Backyard Wildlife: Owls

Most animals bear their young in spring, when food is more readily available and temperatures are more hospitable for their vulnerable offspring. But great horned owls aren’t like most animals.

Great horned owls have evolved to employ a winter breeding strategy that limits competition for nesting sites with other raptors, such as red-tailed hawks. In fact, this very winter, great horned owls will be sitting on eggs and caring for their hatchlings, possibly in or near your backyard. You just have to listen and look for clues.

Large but visually elusive
Great horned owls are big—the second largest owl species in North America—at 18 to 24 inches tall with wing spans up to 5 feet. Only the great gray owl is larger in size (but not in weight). The great horned owl is also one of the most adaptable bird species and can be found across the continent, from coastal areas to mountains, forests and deserts—anywhere they can find trees large enough in which to nest.

They’re one of the owl species you’re most likely to observe (along with screech owls and barred owls), and they’re easy to identify with their signature ear tufts of feathers, which resemble horns or catlike ears. Just keep in mind that “observe” means more than just seeing with your eyes.

Seeing a great horned owl is actually pretty difficult. Like most owls, they’re nocturnal. We humans don’t see well in the dark, and we’re typically asleep when owls are active. Great horned owls are also exceedingly well-camouflaged and can sit incredibly still, not even twitching a feather.

Listen and look for signs
To find a great horned owl, use your ears. They have a classic “hoo-h’HOO-hoo-hoo” call. Visit allaboutbirds.org to hear their songs and calls.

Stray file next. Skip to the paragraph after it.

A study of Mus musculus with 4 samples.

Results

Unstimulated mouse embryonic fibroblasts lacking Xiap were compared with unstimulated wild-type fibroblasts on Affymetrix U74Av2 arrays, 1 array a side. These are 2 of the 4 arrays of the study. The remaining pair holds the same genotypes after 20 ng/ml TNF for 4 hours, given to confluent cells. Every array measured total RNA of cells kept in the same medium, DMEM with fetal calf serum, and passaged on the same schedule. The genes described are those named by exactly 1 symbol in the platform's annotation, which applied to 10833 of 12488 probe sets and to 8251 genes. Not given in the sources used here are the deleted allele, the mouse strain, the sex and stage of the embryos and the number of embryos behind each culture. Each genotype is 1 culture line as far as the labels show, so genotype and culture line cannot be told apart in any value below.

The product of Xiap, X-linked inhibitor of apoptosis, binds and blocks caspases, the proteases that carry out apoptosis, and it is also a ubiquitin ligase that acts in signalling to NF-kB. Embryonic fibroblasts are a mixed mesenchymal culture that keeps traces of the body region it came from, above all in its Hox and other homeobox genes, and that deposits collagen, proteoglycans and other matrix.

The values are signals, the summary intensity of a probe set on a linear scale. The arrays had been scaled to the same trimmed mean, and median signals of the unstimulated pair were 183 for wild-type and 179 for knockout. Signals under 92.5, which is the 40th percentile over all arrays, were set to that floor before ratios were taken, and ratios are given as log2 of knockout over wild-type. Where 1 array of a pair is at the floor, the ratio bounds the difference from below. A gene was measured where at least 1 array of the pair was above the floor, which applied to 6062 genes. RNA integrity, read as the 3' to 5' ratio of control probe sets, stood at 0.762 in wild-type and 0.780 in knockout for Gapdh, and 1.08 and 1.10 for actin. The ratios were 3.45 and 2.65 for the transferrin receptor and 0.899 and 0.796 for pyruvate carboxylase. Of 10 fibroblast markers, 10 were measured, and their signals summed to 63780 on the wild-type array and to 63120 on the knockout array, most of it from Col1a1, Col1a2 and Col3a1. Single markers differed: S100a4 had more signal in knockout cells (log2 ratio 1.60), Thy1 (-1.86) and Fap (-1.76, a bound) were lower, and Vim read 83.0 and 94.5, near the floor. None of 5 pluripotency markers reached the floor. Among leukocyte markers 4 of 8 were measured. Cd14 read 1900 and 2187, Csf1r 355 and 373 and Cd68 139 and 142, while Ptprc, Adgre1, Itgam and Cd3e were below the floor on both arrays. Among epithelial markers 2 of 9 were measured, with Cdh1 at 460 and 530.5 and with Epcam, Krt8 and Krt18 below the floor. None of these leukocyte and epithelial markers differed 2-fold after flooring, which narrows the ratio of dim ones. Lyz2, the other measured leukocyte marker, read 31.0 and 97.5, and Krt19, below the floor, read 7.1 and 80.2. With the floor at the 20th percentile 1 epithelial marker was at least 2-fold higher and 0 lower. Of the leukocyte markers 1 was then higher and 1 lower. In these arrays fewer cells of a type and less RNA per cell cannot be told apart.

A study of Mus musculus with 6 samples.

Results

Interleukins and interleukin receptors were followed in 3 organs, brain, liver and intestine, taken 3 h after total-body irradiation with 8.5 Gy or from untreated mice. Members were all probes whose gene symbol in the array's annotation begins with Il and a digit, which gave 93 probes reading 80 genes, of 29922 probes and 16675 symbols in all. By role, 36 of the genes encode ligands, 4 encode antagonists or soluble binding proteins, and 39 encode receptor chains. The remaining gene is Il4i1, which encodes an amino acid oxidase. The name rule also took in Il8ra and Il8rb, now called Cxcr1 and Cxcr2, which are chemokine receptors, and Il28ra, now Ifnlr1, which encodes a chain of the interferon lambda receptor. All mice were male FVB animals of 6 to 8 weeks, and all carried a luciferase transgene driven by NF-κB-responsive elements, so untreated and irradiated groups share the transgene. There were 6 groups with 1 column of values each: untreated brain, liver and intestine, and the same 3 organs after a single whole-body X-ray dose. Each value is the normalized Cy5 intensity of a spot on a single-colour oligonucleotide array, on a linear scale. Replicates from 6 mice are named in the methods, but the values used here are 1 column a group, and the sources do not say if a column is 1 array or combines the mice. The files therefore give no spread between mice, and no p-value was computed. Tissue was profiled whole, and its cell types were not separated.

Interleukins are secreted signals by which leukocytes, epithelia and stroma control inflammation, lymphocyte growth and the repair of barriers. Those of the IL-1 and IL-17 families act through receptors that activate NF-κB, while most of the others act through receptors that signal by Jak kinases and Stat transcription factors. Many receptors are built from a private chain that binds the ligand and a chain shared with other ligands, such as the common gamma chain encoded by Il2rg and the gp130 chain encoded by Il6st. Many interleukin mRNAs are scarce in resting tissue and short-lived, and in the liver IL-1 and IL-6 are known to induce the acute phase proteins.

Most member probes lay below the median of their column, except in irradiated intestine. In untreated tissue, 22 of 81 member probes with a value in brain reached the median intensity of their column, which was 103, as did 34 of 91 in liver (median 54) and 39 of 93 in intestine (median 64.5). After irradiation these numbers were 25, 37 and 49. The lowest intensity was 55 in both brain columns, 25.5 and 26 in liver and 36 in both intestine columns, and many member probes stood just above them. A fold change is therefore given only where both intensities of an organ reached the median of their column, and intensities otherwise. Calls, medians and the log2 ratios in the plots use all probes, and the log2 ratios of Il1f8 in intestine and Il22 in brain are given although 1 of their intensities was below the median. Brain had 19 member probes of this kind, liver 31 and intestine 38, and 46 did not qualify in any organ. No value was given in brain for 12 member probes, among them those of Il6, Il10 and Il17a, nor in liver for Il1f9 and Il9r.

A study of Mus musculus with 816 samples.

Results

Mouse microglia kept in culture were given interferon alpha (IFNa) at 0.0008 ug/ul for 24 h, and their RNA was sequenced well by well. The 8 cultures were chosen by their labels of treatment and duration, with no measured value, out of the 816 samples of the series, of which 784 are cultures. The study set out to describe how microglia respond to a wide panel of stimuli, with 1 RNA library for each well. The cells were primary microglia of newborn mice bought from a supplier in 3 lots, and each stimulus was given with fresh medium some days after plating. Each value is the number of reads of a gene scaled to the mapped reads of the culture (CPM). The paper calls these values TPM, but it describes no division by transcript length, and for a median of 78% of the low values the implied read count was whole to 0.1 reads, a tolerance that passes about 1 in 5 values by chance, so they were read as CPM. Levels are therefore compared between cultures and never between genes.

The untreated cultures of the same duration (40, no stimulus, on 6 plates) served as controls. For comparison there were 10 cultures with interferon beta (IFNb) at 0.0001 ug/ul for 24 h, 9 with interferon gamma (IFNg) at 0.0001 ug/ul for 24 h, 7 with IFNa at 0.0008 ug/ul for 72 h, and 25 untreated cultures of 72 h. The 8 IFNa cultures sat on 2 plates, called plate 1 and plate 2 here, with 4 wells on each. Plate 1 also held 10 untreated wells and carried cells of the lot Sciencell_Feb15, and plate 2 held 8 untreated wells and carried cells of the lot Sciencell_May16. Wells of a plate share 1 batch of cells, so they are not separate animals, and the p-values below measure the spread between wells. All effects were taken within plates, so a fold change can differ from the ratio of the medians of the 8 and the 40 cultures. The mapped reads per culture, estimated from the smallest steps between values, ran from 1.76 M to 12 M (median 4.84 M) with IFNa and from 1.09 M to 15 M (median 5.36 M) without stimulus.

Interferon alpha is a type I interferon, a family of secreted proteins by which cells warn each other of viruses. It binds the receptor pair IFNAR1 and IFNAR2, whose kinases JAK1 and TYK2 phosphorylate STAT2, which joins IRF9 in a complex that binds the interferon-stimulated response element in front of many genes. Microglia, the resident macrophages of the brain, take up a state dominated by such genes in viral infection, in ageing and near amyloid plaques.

You can also look for feathers and owl pellets. Owls swallow their prey whole or in large chunks and regurgitate the indigestible fur, feathers and bones in a grayish-white pellet. If you’re lucky, you’ll spot pellets under an owl’s favorite roost. They’re large, up to 2 inches across—not surprising given their size. To find out what the owl’s been eating, gently tear the pellet open and look for bones, especially skulls.

Great horned owls have huge talons and they use them to capture their food, including rodents, rabbits, birds and even smaller owl species. They’re one of the only regular predators of skunks; the skunk’s natural defense—its offensive musk—is of little use against great horned owls’ weak sense of smell.

Leave large trees intact for habitat
If you want to attract great horned owls, you need to do one thing: Preserve mature trees, which support the owls’ prey and provide owls with nesting sites. Take care of the trees on your property. And get involved in your community to keep it tree-filled. Your reward will be the knowledge that great horned owls might move in as your neighbors, and you might just get lucky enough to hear a nocturnal serenade from these beautiful creatures.